Why are so many workers struggling today?
Some union-backed analysts have a straightforward answer: “Their employers are cheating them.” They claim businesses no longer compensate workers for their productivity. This argument demonstrates H.L. Mencken’s point that “for every complex problem there is an answer that is clear, simple, and wrong.”
Competition forces employers to base pay on productivity. Firms that consistently pay workers more than they produce go out of business, as Bethlehem Steel famously demonstrated. But firms that underpay their employees also don’t last long.
Imagine a firm that tried paying some employees just half of what they produce. A competitor could reap large profits by hiring away those productive workers for slightly more. But then another competitor would offer even higher pay. Competition quickly bids up workers’ pay to their productivity level. To keep good employees, businesses must pay them commensurately with their productivity.
This explains why over 95 percent of Americans make more than the minimum wage. Federal law does not require employers to pay above $7.25 an hour. Economic laws do. A company that wants a quality workforce has to pay for it.
Believers in a productivity-pay gap rarely note their theory’s implication: that many employers pay their workers from the generosity of their heart. If competition does not drive pay, then high-wage companies could pay less. Why don’t they pay lower wages and increase their profits? They must be incredibly generous.
Of course, many employers are generous. But few economists think Mark Zuckerberg’s generosity explains why Facebook’s average salaries exceed $100,000. Rather Facebook employs highly skilled and productive workers. Their skills command premium pay. This logic illustrates why few economists believe the pay-productivity gap exists. Even prominent liberal economists reject the theory.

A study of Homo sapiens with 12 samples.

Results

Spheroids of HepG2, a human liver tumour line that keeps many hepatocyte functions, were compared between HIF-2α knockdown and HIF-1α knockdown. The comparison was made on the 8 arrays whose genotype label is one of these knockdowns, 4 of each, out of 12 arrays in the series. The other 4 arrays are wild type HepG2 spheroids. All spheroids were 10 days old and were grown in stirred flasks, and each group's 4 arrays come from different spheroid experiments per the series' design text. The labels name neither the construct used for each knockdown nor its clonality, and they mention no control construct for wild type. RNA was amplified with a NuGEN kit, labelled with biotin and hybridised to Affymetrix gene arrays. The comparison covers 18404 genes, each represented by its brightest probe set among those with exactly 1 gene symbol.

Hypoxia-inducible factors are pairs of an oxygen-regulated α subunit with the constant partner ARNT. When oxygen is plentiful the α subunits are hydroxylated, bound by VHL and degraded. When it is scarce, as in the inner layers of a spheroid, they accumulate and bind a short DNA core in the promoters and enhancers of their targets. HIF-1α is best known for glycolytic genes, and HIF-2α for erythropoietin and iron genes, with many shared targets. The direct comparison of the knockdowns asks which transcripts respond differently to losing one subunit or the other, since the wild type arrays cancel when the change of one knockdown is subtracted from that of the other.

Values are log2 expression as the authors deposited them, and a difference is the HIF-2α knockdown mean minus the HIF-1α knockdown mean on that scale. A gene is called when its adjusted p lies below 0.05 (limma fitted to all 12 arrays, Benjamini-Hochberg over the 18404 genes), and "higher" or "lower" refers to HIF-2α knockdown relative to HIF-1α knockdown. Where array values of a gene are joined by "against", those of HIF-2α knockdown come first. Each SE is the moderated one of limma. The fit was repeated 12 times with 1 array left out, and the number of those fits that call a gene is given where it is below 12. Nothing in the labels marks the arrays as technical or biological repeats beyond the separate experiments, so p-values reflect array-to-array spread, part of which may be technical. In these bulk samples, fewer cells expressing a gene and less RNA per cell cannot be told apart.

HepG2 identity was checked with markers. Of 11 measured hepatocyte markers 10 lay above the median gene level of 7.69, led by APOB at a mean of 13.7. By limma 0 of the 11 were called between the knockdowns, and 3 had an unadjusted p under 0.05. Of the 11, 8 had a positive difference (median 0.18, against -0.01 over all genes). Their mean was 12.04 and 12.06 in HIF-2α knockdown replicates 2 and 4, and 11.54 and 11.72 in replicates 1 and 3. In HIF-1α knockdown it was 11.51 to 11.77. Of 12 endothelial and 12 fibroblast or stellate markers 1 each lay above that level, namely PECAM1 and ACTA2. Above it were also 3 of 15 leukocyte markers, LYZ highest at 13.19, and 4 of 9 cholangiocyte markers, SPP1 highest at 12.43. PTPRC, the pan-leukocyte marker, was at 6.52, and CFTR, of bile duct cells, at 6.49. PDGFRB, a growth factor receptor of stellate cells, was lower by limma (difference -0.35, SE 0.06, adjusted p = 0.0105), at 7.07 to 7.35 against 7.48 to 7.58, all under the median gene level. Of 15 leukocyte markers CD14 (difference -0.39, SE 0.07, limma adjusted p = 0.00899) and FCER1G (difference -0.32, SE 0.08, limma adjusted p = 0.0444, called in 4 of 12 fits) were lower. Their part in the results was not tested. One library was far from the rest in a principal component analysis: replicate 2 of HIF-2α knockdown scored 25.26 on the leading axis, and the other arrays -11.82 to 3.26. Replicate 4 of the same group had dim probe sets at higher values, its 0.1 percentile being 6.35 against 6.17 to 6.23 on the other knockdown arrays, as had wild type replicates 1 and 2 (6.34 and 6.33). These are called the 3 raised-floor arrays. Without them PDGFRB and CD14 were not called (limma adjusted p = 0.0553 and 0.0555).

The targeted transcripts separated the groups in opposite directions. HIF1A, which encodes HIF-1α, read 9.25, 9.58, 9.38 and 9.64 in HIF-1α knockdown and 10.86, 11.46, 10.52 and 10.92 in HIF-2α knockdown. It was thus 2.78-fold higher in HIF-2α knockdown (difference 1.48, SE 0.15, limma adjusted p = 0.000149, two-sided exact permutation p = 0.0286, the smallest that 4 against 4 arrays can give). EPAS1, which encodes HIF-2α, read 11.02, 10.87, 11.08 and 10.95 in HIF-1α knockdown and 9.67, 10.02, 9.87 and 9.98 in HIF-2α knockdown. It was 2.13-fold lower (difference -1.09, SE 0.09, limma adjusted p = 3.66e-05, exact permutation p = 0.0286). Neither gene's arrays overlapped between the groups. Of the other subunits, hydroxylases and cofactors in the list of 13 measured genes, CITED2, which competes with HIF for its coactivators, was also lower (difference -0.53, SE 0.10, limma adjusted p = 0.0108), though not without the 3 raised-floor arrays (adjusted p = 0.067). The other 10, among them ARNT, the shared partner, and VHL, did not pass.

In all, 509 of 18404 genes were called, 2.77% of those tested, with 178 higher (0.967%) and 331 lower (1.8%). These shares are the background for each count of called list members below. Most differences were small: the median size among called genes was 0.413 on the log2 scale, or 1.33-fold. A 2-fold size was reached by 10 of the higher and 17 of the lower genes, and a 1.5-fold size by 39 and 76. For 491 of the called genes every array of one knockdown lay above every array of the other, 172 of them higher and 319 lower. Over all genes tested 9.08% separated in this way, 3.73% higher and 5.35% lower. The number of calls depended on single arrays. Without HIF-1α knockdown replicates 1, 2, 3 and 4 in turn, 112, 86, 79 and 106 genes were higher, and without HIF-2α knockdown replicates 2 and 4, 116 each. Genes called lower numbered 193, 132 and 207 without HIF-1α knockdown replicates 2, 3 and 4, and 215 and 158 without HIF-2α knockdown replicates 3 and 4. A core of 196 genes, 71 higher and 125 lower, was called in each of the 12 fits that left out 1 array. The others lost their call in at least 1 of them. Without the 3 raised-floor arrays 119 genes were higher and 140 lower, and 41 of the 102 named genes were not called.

Nonetheless a union-affiliated think tank has produced influential charts showing productivity nearly doubling since 1973, while wages stagnated. These charts persuaded President Obama that employers deny workers the fruit of their labor. Labor Secretary Tom Perez told reporters his new overtime regulations are meant to close this gap. If competition ties productivity to pay, why do these charts show otherwise?
Because, as Mark Twain noted, “there are lies, d——d lies, and statistics.” These charts compare statistical apples and oranges. They juxtapose the productivity and pay of different workers. They also include the productivity growth of the self-employed (including sharing economy workers like Uber drivers) while excluding their pay growth. And they adjust productivity and pay for inflation differently. These choices systematically lower measured wage growth and increase measured productivity growth.
But when we compare apples to apples, the apparent divergence disappears. Since 1973, average productivity grew 81 percent in the private sector. Using the same measure of inflation and looking at the same workers, we find that average earnings also grew 77 percent. Workers enjoy the fruit of their labor.
However, it is also true that productivity has not grown at the same rate for all workers. Modern technology has made highly skilled workers even more productive. At the same time, it has reduced demand for many less-skilled workers’ labor. A lot of workers face real economic challenges (on top of the slow recovery). But these challenges stem from a changing economy — not reduced corporate generosity.
The best way to help these workers is to help them become more productive. They will then be able to command better pay. Education reforms and reducing the cost of college would be a good start. States should also tear down barriers to better earnings, such as excessive licensing requirements that prevent workers from utilizing their skills. One-third of U.S. jobs now require a government license. Many of these licenses are unnecessary — barbers do not need to study for a year to safely cut hair. But the license mandates serve to keep many workers out of jobs in which they could excel — and increase their earnings.
Trying to increase productivity is a complex solution to workers’ problems. But it is also the right solution.
• James Sherk is a research fellow specializing in labor economics at The Heritage Foundation’s Center for Data Analysis.